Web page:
The Raphael Rooms
Colloquially known simply as the Stanze (which simply means room) this series of rooms that have become a reception area in one of the public areas of the Vatican; is plastered (quite literally) with images by the famous painter Raphael. Just like many of the rooms and unbelievable art pieces within the confines of these connecting buildings, this was originally commissioned for a Pope, in this case Pope Julius II. Although he died before the rooms were complete, Raphael and then his assistants eventually finished the grand and wondrous work. These finely handmade paintings are once more crafted to fit seamlessly with the elegant curves and arches of the interior design, creating colourful and vibrant living walls.
The scenes depicted in the images are a collection of landmark events throughout roman history, usually focused on a leader of the time. Emperor Constantine for example is the focus of two of these murals, in one he is baptized in the Lateran Baptistery at Rome, in the second the infamous Donation Of Constantine, the emperor now a devout Christian hands over documents that give the Pope dominion over several Roman territories. What makes this such a great piece is that these documents were later found to be forged, and thus this version of the story was not only fabricated by the church but obviously widespread enough that Raphael internalized the story well enough to paint a version of it. These historical inaccuracies make the work in here one of a kind as they visually represent stories that were once thought to be factual, giving an immediate date to the work and also bringing with it a feeling of the times the people were living in.
In a more fantastical picture the Deliverance of Saint Peter, a triptych of paintings show him being released from jail by a robed and light filled angel. These events are inspired entirely by the Bible, taking the story from the pages of Acts 12. All of the work in here is in the iconic style of the high renaissance artistry that flourished in the early 1500’s. The characters seem to all glow, the form of the bodies is dynamic and perfectly proportional, and all the scenes are overflowing with people and action. These features put together mean that much of the work in the Vatican is highly detailed and demands the attention and appreciation of the viewer.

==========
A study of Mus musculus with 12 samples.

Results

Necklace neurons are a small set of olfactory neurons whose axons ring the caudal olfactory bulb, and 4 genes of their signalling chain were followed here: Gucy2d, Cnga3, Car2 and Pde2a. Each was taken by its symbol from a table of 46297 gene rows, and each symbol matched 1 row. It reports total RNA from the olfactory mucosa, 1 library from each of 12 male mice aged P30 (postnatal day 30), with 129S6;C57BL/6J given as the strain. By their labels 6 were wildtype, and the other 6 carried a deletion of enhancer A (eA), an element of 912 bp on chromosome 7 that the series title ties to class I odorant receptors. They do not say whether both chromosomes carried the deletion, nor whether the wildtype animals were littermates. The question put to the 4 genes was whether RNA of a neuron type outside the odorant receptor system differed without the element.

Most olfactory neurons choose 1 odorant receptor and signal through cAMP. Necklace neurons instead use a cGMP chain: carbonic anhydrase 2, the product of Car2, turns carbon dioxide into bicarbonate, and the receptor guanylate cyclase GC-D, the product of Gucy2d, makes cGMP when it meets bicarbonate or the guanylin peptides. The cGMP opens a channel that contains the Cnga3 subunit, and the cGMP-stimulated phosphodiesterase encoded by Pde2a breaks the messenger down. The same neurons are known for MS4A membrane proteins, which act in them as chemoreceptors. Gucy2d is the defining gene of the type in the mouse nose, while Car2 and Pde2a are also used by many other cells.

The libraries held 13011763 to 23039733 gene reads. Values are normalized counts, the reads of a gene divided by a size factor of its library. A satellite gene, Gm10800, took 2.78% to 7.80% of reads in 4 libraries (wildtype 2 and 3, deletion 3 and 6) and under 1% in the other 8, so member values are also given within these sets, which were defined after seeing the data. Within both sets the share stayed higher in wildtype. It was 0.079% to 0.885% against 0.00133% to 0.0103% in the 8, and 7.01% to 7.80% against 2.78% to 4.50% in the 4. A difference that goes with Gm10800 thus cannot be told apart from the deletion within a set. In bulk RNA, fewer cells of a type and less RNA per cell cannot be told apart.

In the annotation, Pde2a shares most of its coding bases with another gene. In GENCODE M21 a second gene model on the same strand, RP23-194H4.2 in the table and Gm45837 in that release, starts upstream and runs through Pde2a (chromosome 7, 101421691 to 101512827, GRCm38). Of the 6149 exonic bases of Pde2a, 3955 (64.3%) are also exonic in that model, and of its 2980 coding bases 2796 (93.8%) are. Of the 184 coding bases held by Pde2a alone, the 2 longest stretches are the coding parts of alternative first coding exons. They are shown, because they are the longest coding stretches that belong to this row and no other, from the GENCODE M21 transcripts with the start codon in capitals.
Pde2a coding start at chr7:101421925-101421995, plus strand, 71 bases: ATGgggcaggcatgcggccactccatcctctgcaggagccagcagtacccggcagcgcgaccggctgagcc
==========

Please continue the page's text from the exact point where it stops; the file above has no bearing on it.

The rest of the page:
With a collection that has grown over centuries by some of the most powerful men of each time, the content of the museums here is magnificent. Starting with the marble sculpture of Laocoön and His Sons, the group of displayed items here now totals over 20,000 with 50,000 not available to the public. Guests can enjoy art that ranges from Michelangelo to Dali as they make their way round the 54 different galleries. If you are one for classic art, you will be in a state of permanent bliss here as everything from spiral staircases to elaborate ceilings make up the entirety of this incredible collection. The museums offer free admission on the last Sunday of each month, but be warned, you may need the patience of a saint to survive the gigantic queue.